August is using its social media prowess to talk about period care.
Over the past two years, August — which sells organic period care products — has grown from an idea into a national brand selling at stores like Target. It has been able to grow that quickly in part because of its TikTok following. Co-founder Nadya Okamoto decided early on that she would grow August via TikTok and while she didn’t have a following in 2021, today she has 4 million followers.
“I was not on TikTok at all,” she said. Okamoto was a featured speaker at the Modern Retail DTC Summit this week, and her interview is this week’s Modern Retail Podcast.
One of the big things she focuses on is making relatable content — and a lot of it. During the early days, “for like six months I posted 80 to 100 videos a day, personally,” she said. This was both so that she could train herself to be a good TikTok personality — but also because audiences evolved and August wanted to be constantly testing and changing the content it produces. And the company has found that real, unvarnished content that talks about periods is what usually resonates the best.
This strategy helped propel both Okamoto as an online personality, but also August as a brand — and she is quick to note that she built August so that its content and its branding would stand on its own. “I don’t want it to be Nadya equals August,” she said. “I wanted it to be like I am top-of-funnel — I’m the August number-one fan.”
But there’s another layer to August’s digital strategy to goes beyond engaging millions of followers. The company has had an online community built on the platform Geneva since it started. This, according to Okamoto, was a way to grow its power users and make a space for the company to directly connect with customers. Today, the group has more than 5,000 members.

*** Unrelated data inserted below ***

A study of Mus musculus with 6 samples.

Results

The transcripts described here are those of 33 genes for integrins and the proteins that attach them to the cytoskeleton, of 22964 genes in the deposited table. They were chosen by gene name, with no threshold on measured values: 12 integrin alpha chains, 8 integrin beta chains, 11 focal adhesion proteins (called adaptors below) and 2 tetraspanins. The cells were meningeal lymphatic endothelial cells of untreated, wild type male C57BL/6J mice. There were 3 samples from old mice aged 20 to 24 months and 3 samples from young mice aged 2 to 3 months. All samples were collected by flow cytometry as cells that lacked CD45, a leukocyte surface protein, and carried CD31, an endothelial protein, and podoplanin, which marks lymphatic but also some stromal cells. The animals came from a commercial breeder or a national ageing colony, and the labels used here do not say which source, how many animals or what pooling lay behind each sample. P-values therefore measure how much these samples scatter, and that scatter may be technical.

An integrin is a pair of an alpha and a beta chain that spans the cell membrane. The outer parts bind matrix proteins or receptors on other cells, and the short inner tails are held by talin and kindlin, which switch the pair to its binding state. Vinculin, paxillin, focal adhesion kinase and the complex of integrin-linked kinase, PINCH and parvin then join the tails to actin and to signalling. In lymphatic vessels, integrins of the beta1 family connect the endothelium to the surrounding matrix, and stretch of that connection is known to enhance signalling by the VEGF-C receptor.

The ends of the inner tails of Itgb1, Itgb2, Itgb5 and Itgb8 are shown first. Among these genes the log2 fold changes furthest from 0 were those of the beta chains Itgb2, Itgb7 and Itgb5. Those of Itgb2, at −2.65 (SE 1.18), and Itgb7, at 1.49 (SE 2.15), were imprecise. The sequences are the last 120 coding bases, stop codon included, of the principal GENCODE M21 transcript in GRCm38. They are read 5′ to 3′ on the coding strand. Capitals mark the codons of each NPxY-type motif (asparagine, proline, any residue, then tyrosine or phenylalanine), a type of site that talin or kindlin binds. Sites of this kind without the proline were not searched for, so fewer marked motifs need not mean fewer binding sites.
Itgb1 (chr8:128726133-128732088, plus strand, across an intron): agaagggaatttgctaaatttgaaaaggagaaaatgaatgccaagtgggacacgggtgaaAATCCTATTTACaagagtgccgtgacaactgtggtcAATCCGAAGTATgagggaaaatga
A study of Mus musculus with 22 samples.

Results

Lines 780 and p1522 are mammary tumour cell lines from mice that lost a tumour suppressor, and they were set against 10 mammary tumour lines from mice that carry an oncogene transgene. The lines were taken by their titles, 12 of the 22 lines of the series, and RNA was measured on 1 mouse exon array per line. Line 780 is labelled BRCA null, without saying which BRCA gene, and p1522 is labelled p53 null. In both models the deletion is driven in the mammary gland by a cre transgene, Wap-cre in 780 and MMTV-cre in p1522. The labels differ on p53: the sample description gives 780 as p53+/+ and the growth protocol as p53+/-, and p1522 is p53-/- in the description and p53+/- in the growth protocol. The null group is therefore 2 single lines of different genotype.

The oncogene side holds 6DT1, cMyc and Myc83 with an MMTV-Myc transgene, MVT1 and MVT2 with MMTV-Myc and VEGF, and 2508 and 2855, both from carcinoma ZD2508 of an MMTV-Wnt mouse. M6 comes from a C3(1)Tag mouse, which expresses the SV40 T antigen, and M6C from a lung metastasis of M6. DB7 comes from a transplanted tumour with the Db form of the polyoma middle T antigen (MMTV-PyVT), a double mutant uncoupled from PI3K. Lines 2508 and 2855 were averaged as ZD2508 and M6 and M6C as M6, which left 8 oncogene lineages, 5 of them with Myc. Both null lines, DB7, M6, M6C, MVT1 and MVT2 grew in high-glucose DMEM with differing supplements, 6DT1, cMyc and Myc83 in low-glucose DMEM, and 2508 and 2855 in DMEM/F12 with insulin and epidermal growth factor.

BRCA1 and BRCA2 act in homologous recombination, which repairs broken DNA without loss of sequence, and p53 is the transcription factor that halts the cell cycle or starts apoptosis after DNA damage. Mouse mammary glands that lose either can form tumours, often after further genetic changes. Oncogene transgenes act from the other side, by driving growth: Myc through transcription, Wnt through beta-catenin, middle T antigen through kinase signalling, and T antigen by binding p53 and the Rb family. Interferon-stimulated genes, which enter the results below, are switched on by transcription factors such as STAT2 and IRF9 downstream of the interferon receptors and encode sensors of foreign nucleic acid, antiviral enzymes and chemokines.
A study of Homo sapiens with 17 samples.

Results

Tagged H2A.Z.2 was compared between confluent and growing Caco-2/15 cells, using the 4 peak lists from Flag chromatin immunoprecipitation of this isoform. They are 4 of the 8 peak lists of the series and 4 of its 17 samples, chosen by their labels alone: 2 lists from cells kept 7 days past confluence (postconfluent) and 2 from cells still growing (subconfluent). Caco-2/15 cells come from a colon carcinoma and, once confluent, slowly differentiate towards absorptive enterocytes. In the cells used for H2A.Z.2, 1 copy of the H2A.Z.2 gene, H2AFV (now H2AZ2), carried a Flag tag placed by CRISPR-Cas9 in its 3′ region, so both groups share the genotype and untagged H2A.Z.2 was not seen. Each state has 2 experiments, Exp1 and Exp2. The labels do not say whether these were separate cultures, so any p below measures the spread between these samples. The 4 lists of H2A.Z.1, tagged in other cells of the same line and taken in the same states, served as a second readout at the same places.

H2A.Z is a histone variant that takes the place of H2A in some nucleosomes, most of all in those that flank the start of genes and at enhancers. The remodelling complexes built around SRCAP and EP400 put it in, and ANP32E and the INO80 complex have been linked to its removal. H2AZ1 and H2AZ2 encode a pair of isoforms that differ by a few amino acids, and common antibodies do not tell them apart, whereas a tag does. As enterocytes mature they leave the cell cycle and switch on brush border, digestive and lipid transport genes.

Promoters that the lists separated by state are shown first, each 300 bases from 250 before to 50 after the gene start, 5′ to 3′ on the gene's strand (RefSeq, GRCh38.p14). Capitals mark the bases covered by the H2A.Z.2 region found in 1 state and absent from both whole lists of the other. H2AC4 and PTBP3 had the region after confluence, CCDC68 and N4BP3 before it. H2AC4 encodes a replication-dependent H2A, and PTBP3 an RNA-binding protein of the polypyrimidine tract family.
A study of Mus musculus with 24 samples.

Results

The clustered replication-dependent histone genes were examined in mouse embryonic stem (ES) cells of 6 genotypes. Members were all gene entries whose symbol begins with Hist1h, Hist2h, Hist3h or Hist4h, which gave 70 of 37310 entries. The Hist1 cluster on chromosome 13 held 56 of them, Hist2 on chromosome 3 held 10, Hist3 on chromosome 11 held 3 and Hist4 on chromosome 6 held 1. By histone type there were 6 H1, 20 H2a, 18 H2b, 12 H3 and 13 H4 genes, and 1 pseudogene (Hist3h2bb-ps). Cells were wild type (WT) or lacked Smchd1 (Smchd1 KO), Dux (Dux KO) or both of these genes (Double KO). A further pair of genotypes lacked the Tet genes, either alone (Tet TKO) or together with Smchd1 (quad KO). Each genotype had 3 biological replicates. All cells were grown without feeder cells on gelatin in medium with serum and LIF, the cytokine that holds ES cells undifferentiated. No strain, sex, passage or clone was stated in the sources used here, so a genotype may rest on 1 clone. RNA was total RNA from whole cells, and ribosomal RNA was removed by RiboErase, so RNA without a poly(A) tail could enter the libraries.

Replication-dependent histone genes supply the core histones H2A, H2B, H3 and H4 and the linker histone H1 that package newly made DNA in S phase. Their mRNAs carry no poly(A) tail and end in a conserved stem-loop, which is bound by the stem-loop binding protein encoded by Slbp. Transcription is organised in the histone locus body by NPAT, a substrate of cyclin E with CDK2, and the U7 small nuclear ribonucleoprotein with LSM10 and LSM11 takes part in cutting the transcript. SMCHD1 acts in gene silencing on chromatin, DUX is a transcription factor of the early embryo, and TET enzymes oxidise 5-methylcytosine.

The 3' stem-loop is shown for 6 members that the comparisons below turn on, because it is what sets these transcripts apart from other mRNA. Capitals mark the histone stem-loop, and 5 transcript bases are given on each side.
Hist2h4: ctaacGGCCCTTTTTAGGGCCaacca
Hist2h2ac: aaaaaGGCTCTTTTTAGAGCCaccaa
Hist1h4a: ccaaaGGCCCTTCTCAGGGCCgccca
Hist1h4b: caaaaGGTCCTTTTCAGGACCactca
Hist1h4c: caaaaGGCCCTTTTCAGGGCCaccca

One big thing she constantly keeps in mind is that even though her brand is very prevalent on social media, it needs to understand that the community aspect goes much deeper.
“Social media is not community to us,” she said. “[It’s] an audience.”
But for that audience, August is focused on making sure it is staying true to its authentic roots — talking plainly and openly about period care and menstrual issues. But that it isn’t going too far.
As Okomoto put it, it’s about “making sure that we’re not provocative for the sake of being provocative.”
Here are a few highlights from the conversation, which have been lightly edited for clarity.
On realizing TikTok was a brand building tool
“I think people see me now — and I have 4.1 million followers, the brand has like close to half a million across all socials — and I think that there’s this assumption that I was a TikToker and then I created a brand. But it was actually quite the opposite. Like, we were going to start this brand, we raised about $2 million pre-revenue, pre-launch; we had quite a bit of pressure of like, ‘Okay, we’re gonna do this, this is going be a real company, we need to get to a point where we can get a seed round preempted or something like that.’ So actually, I was not on TikTok at all [before August launched].”
August’s community strategy
“The goal is not to scale it crazily. These are our super fans. A lot of them, when we have events or otherwise, will encourage their circles to come in. But I would also say when a topic comes up [we talk about it]… Before we launched, when the presidential debates were happening, I was posting on social being: Does anybody want to live chat about this? And I think it kind of came at this perfect time where social media does feel very overwhelming. Also, a lot more social media platforms — TikTok and Instagram mainly — they’re mostly based on looking at an explorer page. So it’s not really cultivating relationships with people you directly follow.”
Finding the right balance with social media content
“One thing that we talk a lot about — especially as a brand that doesn’t shy away from showing period blood or showing used products, because we want people to see how it works — is also making sure that we’re not provocative for the sake of being provocative. We’re thoughtful in wanting to start conversations. We talked a lot internally about how do we make sure we’re not just edgy — but we’re intentionally pushing the boundary. So I think that a lot of it is making sure that things that we do aren’t just for the sake of going viral, but that they have an intent behind them.”